Limit capacity: We believe that in order for a manager to continue to execute a successful strategy over time, limiting AUM is paramount. When a manager fails to close their strategy at an appropriate level, performance tends to suffer. A bloated asset base often leads to a smaller opportunity set for the fund; a reduction in nimbleness as it relates to the impact of trading in or out of a security; and a less intimate, often weaker partnership with the fund’s client base.
Remain independent and employee-owned: Managers must protect their independence and create a viable succession strategy. We have found that firms with outside ownership have more difficulty limiting capacity. Employee-owned firms can more effectively attract and retain investment talent by using their equity or revenue sharing strength as part of a portfolio manager’s compensation.
Concentration: Build a portfolio of your highest conviction opportunities and know them well. In our view over-diversification increases portfolio risk and destines investors to mediocrity.
“The idea that it’s hard to find good investments, so concentrate on a few, seems to me to be an obviously good idea.”
– Charles T. Munger
Alignment of interests: A portfolio manager who places the majority of their investable assets in the fund they manage is better aligned with investors. There is no better evidence of a manager's level of conviction than their willingness to invest significantly alongside their fellow shareholders.
Formulate a differentiated view: Finding value in investing often means taking a contrarian view of a situation. By not relying on the traditional industry screening methods or sell side research, our managers can distinguish themselves through internally developed, differentiated idea-sourcing and due diligence.
Valuation sensitivity: Only buy when a security is attractively priced. Sell a security that is overpriced. In the absence of compelling ideas, hold cash. Too often managers are compelled to be fully invested, sacrificing strict valuation adherence to eliminate a perceived “cash drag.”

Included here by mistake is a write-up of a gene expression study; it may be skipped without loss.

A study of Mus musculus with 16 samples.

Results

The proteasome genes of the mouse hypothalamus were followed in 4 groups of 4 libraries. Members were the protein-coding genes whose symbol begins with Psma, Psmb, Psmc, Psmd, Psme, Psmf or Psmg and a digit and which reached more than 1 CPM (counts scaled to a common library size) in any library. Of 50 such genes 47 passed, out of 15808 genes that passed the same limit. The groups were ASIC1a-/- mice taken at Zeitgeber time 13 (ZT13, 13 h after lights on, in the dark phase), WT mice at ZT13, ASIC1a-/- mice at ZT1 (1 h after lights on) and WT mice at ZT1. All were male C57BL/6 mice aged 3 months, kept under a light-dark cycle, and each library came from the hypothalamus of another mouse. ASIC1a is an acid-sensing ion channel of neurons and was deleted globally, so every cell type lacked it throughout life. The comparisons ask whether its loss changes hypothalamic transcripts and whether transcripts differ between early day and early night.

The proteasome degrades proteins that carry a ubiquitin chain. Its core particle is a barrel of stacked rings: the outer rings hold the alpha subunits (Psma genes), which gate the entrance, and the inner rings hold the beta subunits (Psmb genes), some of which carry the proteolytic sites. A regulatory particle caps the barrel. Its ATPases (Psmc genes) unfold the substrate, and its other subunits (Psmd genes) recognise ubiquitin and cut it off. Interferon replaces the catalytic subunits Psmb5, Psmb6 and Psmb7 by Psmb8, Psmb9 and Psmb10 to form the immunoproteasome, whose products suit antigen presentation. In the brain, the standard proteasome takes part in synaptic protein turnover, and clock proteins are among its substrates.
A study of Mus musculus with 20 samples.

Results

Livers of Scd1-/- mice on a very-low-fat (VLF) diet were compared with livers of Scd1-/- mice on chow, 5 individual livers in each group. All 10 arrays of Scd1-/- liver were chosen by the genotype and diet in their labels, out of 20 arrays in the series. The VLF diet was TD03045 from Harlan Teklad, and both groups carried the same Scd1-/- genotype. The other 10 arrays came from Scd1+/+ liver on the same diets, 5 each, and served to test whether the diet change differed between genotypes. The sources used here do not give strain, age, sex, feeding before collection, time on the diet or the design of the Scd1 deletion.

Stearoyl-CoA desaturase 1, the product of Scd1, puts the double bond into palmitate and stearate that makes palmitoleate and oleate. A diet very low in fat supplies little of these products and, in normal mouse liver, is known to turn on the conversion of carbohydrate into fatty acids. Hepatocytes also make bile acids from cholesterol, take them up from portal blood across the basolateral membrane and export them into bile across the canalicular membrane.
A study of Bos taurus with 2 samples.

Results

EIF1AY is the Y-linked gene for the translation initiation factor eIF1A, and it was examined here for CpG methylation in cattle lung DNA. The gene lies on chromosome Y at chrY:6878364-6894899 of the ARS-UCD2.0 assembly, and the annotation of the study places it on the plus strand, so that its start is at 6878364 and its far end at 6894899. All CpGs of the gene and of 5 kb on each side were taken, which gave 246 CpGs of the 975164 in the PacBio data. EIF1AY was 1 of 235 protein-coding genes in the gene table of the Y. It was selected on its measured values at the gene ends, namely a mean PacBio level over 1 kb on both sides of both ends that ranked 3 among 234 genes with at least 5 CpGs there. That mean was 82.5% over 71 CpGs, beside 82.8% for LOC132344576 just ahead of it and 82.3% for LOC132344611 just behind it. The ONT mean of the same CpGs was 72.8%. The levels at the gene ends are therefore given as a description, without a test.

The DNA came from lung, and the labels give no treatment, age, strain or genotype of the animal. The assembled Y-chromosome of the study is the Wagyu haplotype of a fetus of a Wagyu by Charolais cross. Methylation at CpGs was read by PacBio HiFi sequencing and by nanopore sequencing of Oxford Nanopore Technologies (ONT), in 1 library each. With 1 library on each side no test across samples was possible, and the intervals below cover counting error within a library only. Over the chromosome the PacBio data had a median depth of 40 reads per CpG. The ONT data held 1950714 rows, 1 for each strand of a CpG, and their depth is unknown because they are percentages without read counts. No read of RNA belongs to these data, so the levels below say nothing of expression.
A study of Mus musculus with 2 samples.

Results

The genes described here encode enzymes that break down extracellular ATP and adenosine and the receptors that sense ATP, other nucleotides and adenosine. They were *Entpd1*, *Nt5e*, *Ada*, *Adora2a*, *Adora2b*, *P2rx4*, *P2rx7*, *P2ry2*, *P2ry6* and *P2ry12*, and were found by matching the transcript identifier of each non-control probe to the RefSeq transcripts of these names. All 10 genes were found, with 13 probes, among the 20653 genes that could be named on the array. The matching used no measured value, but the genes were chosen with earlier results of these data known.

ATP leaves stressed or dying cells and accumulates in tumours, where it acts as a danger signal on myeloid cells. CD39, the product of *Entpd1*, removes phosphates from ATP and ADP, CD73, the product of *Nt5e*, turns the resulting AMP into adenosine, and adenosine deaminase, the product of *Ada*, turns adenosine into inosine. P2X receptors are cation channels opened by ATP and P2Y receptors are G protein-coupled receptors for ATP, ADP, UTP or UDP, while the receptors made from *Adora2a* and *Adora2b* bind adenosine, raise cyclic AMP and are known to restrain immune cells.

Remain size and sector agnostic: We identify managers who invest where and when they find compelling ideas.
Be selective when partnering with investors: This is a crucial distinction. Patient investment capital is often a critical component in enabling a fund to achieve a successful long term track record. Being able to ride through a particular period of market dislocation without having to sell securities to meet redemptions is perhaps one of the least recognized components of investment success.
Provide access and transparency: By interacting directly with clients and providing ample transparency through reports and letters, our managers tend to create stronger bonds with their investors. By limiting capacity, our managers are better able to provide investors with direct access and a more intimate partnership, which in turn leads to a more stable client base.
Avoid outsourcing investment work to junior analysts: When the investment work is conducted by junior analysts it often leads to the phenomenon of "outsourcing" of ideas. Naturally, this leads to portfolio managers becoming one-step removed from the research process. In our experience this phenomenon is often a precursor to diminishing investment returns.
Resist proliferating product: Each manager should focus on a single strategy; they should not divide their time amongst multiple products.